13 Weeks Extra: In Which We Do Arithmetic
Now, this is "only" 3.6 pounds a week, but that's still a 12,600 kcal/week deficit. And here the interesting thing: I go back to LoseIt!, and I find that I've been running something more like a 4200 kcal/week deficit. In other words, I seem to be losing weight at something like 3 times the rate that would be predicted by simply looking at the calorie deficit. Oh, and that calorie deficit from LoseIt! accounts for calories expended in exercise -- the working out has been included.
In other words, the "calories are calories" model doesn't seem to account for the real results. The usual explanation for that is "oh, that's just water weight." But over the month and a bit in which I lost 23 pounds, if I was averaging that 4200 kcal/week deficit -- or 600 kcal/day -- for all 32 days, that would predict a loss of about 5.5 pounds. So, we need to account for 23-5.5=17.5 lbs of water. A gallon of water weighs 8.35 lbs, so that is 2.1 gallons of water. For the water explanation to hold, I would need to have lost, and sustained the loss of, over two gallons of water.
That's a lot. (And I can tell you, I'm exhibiting no clinical signs of dehydration.)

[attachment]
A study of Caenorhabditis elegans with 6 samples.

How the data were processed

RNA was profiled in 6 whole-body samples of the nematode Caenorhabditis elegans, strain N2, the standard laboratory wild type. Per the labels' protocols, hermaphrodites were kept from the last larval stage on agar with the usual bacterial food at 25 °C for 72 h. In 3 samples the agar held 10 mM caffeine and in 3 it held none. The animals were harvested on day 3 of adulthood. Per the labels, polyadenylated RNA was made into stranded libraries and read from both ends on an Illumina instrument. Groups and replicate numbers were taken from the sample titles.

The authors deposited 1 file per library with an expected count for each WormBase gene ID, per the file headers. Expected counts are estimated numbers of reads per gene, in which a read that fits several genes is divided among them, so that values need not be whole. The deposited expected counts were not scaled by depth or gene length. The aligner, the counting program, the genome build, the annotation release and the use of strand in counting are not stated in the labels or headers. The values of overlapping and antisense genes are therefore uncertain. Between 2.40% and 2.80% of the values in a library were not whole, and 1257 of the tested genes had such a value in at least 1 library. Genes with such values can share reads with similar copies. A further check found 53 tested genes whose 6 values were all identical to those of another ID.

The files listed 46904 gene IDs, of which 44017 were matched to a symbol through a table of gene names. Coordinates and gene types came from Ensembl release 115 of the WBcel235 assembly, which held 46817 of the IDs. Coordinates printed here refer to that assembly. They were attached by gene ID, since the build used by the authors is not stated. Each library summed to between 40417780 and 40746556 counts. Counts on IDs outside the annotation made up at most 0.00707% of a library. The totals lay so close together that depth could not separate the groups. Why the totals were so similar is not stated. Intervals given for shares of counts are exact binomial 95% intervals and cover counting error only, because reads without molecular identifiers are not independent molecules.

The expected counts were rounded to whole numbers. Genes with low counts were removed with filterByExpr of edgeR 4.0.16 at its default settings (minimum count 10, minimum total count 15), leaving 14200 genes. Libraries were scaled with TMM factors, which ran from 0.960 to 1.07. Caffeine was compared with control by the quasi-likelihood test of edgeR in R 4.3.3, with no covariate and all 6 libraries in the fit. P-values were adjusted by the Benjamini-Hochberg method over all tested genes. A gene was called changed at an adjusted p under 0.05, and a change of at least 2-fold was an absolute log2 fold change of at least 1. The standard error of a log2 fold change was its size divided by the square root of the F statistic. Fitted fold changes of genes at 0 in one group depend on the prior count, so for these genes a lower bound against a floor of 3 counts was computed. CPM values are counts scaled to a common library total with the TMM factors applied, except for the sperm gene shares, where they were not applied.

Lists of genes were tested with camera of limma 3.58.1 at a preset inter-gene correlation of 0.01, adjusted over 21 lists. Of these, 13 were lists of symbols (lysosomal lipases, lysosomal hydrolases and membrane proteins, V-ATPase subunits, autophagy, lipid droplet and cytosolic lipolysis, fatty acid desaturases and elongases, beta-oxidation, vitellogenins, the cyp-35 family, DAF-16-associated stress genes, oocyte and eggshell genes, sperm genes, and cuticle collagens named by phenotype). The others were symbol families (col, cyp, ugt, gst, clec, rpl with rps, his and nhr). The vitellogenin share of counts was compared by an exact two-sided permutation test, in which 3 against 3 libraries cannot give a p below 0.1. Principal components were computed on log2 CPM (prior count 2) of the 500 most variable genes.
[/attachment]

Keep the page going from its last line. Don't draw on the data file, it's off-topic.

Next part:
Now, another possible objection is that I must have not been keeping the food diary accurately; all I can say is I've been religious about it. But consider, I've been eating less than 2500 kcal/day. For it to be the food intake, we have to account for another 2500 kcal/day. I'm a big boy, but I promise you I hadn't been eating 5000+ kcal a day before I started this; it seems very unlikely that I could have been much under 2500 kcal and still feel like I've been eating plenty, as I do. Hell, my big splurge day, 3 November, just before I started the experiment, including 2 Double Whoppers with Cheese and a large fries, as well as a big sweet tea. Even on that I only managed to eat a little under 3200 kcal. And I was uncomfortably stuffed for much of the afternoon.
It really looks like this "calories are calories" model isn't fitting my experimental results.